ENT Partners of Texas is dedicated to the health and safety of our employees and our patients. We are asking our patients to follow the national health care CDC guidelines during the COVID-19 pandemic.
The physicians of ENT Partners of Texas are board certified in sleep medicine and are committed to help North Texans get a better night’s sleep.
Over 45% of normal adults snore at least occasionally and 25% are habitual snorers. Problem snoring is more frequent in males and those who are overweight. Snoring may be an indication of obstructed breathing and should not be taken lightly. An ENT Partners of Texas Otolaryngologist can help you to determine where the anatomic source of your snoring may be and offer solutions for this noisy and often embarrassing behavior.
People who snore may suffer from:
- Poor muscle tone in the tongue and throat. When muscles are too relaxed, the tongue falls backwards into the airway or the throat muscles draw in from the sides into the airway.
- Excessive bulkiness of throat tissue. Children with large tonsils and adenoids often snore. Overweight people may have excess soft tissue in the neck that can lead to airway narrowing.
- Long soft palate and/or uvula. A long palate narrows the opening from the nose into the throat. The excessive length of the soft palate and/or uvula acts as a noisy flutter valve during relaxed breathing.
- Obstructed nasal airways. A stuffy or blocked nose requires extra effort to pull air through it. This creates an exaggerated vacuum in the throat that pulls together the floppy tissues of the throat, and snoring results.
Excessive snoring disturbs sleeping patterns and deprives the snorer of adequate rest. It may be a sign of obstructive sleep apnea (OSA), which can lead to serious, long-term health problems.
OBSTRUCTIVE SLEEP APNEA (OSA)
Snoring may be a sign of a more serious condition known as obstructive sleep apnea (OSA). OSA is characterized by multiple episodes of breathing pauses greater than 10 seconds at a time, due to upper airway narrowing or collapse. This results in lower amounts of oxygen in the blood, which causes the heart to work harder. It also causes disruption of the natural sleep cycle, which makes people feel poorly rested despite adequate time in bed.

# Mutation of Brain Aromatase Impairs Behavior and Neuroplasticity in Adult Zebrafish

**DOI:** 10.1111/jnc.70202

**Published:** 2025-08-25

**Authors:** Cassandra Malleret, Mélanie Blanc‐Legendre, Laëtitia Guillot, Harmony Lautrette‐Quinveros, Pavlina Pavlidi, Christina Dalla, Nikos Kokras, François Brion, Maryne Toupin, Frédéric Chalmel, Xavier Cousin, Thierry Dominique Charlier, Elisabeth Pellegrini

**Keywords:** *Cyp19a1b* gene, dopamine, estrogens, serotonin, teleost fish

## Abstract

The immediate effect of sleep apnea is that the snorer must sleep lightly and keep the throat muscles tense in order to keep airflow to the lungs. Because the snorer does not get good rest, they may be sleepy during the day, which impairs job performance and makes them a hazardous driver or equipment operator. Untreated obstructive sleep apnea increases the risk of developing heart attacks, strokes, diabetes and many other medical problems.
SLEEP DISORDERS WE TREAT
Our ENT providers are compassionate and skilled in diagnosing and treating a wide range of sleep disorders. Please click on the links below to learn more. For more information about any of these disorders and conditions or for questions about a condition not listed here, please contact us to schedule an appointment.
Mon: 7:30am – 4:30pm
Tues: 7:30am – 4:30pm
Weds: 7:30am – 4:30pm
Thurs: 7:30am – 4:30pm
Fri: 7:30am – 3pm
We are closed on weekends.
ALLERGY CENTER HOURS
Mon: 8:30am – 11:30am and 1:00pm – 4:00pm
Tues: 1:00pm – 4:00pm
Weds 7:30am – 11:30am and 1:00pm – 4:00pm
We are closed on weekends.
All allergy shots must be scheduled.
FRANK W. THEILEN, M.D.
Dr. Frank Theilen has practiced in Irving, Texas since 1987. He is a native Texan with many ties to the community. He has been recognized by D magazine and Texas Monthly. He serves as a clinical professor at UTSW Medical School. His special interests include the treatment of allergic and infected sinuses; obstructive sleep apnea and snoring; children’s ear and throat disorders; ear surgery; thyroid and parathyroid disorders.